Republicans Set Up Another Brutal Spending Fight

Republicans Set Up Another Brutal Spending Fight

Michael Brochstein/Sipa USA

House Republicans reached an agreement Monday to end a blockade of legislative action by roughly a dozen far-right lawmakers. In the process, House Speaker Kevin McCarthy may have ensured a more difficult fight later this year over federal spending levels — and may have increased the chances of a government shutdown.

The Republican rebels effectively shut down proceedings on the House floor last week in anger over the deal McCarthy had cut with the White House to suspend the debt limit, and the deal-making process the speaker had used. The GOP hardliners were upset, in part, that the agreement did not cut spending to fiscal year 2022 levels as they had wanted.

Republicans’ lower spending targets: After the hardliners unexpectedly brought House floor proceedings to a halt last week, McCarthy said that he would be open to setting spending levels below the caps in his deal with the White House, enacted into law as the Fiscal Responsibility Act of 2023.

Sure enough, as the full House Appropriations Committee this week begins to work through the 12 annual spending bills, Rep. Kay Granger of Texas, the committee chair, announced Monday that non-defense spending bills would be written below the levels in the debt limit deal — a concession that The Washington Post’s Marianna Sotomayor and Leigh Ann Caldwell call “a clear indication that McCarthy is attempting to appease the far-right rebels.”

“The Fiscal Responsibility Act set a topline spending cap — a ceiling, not a floor — for Fiscal Year 2024 bills,” Granger said in a statement. “That is why I will use this opportunity to mark up appropriations bills that limit new spending to the Fiscal Year 2022 topline level. In addition, by clawing back $115 billion in unnecessary, partisan programs, we will re-focus government spending consistent with Republican priorities, keeping total spending 1% lower than if we were operating under a continuing resolution.”

The subcommittee allocations Granger put forth Monday total $1.471 trillion, which is $119 billion less than the spending caps negotiated by McCarthy and Biden and $131 billion less than the current fiscal year, CQ Roll Call’s Aidan Quigley reports.

“All of those reductions would be on the nondefense side of the ledger, as military and security-related spending would meet the law's $886 billion cap under Granger's plan,” Quigley writes. “Regular nondefense appropriations would face deeper cuts — $159 billion below fiscal 2023 — to make up for the increases to the Pentagon and related accounts. And within nondefense totals, veterans and border security funds would receive slight increases, concentrating the pain on other domestic and foreign aid programs.”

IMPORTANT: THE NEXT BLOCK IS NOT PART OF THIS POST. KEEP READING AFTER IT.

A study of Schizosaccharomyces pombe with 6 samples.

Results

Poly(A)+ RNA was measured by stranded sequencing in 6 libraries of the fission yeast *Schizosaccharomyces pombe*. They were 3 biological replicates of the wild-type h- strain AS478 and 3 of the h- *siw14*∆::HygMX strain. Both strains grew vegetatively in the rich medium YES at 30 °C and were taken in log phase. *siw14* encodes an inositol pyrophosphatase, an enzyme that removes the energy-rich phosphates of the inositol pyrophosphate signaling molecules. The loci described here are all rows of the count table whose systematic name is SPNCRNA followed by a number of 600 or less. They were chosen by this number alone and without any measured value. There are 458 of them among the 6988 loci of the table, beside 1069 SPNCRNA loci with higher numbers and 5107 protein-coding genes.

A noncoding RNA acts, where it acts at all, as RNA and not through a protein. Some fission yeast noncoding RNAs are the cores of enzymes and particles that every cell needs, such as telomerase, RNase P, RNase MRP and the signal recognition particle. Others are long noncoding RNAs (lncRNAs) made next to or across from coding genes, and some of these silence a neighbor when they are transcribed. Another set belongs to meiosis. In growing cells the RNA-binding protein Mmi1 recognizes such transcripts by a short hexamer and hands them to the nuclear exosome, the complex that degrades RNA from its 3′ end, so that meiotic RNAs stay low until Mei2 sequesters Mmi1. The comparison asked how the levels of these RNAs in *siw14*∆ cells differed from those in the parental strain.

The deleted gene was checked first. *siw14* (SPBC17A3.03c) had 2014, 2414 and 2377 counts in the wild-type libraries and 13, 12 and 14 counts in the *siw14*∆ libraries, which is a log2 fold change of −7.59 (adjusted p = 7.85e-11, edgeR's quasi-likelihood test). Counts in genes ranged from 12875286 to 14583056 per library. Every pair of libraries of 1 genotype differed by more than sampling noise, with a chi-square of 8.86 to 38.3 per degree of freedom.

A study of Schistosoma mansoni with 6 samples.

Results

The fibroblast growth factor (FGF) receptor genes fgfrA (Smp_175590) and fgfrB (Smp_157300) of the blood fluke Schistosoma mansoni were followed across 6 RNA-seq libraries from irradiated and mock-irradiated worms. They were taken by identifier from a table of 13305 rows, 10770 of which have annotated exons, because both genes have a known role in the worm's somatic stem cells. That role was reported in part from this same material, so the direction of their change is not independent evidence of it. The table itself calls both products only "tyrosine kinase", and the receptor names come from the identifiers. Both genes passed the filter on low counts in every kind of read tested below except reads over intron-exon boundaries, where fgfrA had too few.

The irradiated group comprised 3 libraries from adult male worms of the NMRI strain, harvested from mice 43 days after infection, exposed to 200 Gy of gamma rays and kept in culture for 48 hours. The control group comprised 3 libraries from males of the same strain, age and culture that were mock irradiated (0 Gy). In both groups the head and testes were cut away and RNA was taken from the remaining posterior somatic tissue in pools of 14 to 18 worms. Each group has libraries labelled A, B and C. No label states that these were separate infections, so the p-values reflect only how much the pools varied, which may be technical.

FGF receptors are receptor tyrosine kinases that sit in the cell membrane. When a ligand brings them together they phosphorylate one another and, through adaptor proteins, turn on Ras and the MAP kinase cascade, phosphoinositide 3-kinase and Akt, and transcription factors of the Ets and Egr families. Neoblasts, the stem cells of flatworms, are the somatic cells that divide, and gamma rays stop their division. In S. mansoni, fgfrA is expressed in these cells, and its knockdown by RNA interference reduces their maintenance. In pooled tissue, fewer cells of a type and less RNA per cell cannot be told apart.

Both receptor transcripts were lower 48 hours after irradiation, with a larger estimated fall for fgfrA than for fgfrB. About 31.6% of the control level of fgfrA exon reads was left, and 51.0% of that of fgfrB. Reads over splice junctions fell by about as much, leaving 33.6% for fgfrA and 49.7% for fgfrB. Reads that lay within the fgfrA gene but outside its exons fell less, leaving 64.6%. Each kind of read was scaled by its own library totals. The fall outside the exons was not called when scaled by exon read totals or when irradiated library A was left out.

See the CQ Roll Call table below for details about the size of the proposed cuts before any additional offsetting funds.

Clawing back the $115 billion in unspent funds as Granger said she intends to do would bring spending levels back closer to the $1.59 trillion cap in the debt ceiling law, Quigley adds: “Where all of that $115 billion will go hasn't yet been specified. But sources familiar with the planning say it is likely to come from the IRS, EPA, Agriculture Department and other agencies that got hefty increases in the last Congress, which in turn would allow fiscal 2024 additions to bills above their base allocations.”

Why it matters: The spending levels Republicans laid out may raise some hackles among moderates and defense hawks in the GOP — and they certainly will not mesh with the spending levels that Democrats want or will pass out of the Senate. That is likely to make it harder for the House and Senate to agree on the annual spending bills — or, depending on where spending levels end up, it could once again prompt a conservative revolt or result in a government shutdown. The McCarthy-Biden debt limit deal also includes a provision that requires a 1% across-the-board spending cut from fiscal 2023 levels if all 12 appropriations bills aren’t enacted by the end of the year.

Rep. Rosa DeLauro of Connecticut, the top Democrat on the House Appropriations Committee, said Republicans were going back on their deal with Biden. “With the toplines released last night, Republicans are flouting the law of the land. They are disregarding the letter and spirit of the agreement between the president and the speaker of the House,” she said during a markup session Tuesday. She also warned: “If we disregard the law of the land, we all but guarantee a shutdown in October.”